European courts are about to take the French government to task over an illegal tax that over 200,000 British second home owners were ordered to pay.
European Court of Justice’s Advocate General Eleanor Sharpston has decided the tax is illegal because “a person exercising an activity in one member state is only subject to social security regulation of that member state”.
Effectively, the rule means that EU citizens are only subject to making social security contributions in one state, so the French levy is against EU law.
Sharpston was referring to a measure from the French government that added more than 15% to the tax bills of second home owners who disposed of property in France in 2012.
The French claimed the tax levelled out taxes between French property owners and those from other EU states.
However, because the tax was a social charge, the amount could not be offset against income tax or capital gains tax under double taxation treaties in other countries.
After an outcry, the European Court took up the argument and although a formal ruling is still awaited, the indications are that France has lost the case and must pay compensation to tens of thousands of expats and second homers.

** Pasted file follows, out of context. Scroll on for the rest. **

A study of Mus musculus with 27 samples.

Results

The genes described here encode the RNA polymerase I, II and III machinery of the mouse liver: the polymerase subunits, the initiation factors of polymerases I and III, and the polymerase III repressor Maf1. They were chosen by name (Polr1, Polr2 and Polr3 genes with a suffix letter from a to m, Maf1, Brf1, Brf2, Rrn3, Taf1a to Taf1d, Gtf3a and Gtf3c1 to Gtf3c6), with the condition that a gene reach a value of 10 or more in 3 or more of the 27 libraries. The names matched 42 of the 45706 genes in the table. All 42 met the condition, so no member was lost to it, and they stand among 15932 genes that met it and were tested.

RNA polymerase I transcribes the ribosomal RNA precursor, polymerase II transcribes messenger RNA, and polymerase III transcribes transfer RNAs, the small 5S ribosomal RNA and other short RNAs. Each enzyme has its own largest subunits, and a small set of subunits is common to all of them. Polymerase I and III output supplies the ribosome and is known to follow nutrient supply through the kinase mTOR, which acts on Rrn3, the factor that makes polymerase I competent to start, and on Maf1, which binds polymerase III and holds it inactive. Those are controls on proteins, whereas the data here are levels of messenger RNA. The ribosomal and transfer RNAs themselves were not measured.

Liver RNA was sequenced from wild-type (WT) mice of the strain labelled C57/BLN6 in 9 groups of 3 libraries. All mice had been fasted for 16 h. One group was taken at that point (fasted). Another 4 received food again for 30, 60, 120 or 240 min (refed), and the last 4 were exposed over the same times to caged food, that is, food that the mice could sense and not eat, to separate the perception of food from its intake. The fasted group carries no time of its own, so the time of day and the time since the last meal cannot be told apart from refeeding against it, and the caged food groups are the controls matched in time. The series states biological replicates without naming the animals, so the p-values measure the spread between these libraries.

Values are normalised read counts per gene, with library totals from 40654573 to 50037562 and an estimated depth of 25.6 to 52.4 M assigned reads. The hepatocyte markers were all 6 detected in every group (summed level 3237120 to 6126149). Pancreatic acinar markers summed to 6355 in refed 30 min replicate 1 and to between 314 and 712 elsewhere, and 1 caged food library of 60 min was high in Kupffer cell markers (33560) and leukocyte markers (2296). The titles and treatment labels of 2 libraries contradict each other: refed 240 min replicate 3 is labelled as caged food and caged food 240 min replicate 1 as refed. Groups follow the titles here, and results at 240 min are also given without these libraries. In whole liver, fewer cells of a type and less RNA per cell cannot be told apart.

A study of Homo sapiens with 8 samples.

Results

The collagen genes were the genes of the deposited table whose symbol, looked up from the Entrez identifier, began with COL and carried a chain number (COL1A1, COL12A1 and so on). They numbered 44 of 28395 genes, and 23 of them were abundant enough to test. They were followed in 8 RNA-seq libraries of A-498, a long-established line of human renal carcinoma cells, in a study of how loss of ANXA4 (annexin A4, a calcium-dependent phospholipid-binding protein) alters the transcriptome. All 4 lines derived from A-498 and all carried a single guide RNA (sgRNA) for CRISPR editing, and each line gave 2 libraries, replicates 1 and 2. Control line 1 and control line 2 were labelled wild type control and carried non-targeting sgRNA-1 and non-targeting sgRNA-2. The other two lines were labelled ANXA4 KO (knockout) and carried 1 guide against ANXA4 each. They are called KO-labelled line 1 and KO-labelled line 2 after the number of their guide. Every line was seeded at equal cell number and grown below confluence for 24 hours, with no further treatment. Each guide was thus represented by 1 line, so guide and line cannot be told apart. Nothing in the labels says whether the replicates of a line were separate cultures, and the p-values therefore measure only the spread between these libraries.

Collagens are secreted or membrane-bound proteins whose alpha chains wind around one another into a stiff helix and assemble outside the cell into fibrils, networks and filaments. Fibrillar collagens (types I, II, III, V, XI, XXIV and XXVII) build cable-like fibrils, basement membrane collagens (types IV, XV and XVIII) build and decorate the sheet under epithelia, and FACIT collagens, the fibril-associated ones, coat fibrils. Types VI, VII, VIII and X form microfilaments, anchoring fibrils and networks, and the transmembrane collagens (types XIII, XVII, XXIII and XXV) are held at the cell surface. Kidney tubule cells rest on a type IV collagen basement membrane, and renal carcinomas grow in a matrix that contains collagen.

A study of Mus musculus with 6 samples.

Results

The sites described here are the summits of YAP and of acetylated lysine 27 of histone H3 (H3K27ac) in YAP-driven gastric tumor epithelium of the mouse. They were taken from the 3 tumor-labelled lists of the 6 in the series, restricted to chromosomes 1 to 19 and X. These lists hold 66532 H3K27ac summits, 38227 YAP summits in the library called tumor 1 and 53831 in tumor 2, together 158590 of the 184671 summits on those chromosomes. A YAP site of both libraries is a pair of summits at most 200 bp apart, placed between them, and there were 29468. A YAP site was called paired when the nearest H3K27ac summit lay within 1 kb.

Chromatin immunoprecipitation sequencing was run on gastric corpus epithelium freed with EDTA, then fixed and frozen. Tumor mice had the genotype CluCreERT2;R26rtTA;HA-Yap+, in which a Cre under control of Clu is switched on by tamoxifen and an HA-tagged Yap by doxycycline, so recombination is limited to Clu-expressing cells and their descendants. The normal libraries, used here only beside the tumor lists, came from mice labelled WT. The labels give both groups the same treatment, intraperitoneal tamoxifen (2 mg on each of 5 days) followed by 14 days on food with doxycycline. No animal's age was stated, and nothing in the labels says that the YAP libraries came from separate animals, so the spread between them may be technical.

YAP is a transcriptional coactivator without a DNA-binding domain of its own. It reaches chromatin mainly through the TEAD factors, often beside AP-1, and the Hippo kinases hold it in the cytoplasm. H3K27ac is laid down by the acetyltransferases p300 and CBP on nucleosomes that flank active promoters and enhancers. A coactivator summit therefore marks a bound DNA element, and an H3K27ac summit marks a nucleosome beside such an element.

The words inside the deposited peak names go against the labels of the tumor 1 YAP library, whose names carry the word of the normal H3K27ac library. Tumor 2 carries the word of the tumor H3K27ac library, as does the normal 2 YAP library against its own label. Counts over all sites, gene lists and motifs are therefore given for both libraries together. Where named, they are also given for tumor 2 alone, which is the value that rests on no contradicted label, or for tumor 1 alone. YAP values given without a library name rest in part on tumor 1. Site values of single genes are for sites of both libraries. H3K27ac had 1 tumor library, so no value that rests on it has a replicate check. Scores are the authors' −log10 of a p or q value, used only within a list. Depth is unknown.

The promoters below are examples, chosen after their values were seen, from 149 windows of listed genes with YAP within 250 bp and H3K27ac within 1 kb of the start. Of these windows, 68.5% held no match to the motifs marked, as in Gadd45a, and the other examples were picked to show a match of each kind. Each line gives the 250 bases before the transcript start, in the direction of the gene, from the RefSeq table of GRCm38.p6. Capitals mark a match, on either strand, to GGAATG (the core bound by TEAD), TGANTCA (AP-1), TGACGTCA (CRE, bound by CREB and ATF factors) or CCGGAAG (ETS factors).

The French government has been trying to head off the compensation claims with new laws in a race to beat the publication of the ruling, which is expected before the end of 2014.
Lawyers are urging anyone who sold a home in France in 2012 or 2013 to make a claim for compensation before the end of this year or they could miss out on a refund.
The social charge saw income tax on rents soar from 20% to 35.5% and capital gains tax on disposals leap from 19% to 34.5%.
The French have other taxes on second homes in the pipeline in a bid to bring properties in part-time use on to the market for families looking for somewhere to live.
Town halls in some areas will gain special powers to increase local property taxes to penalise homeowners who let their apartments or villas stand empty for most of the year.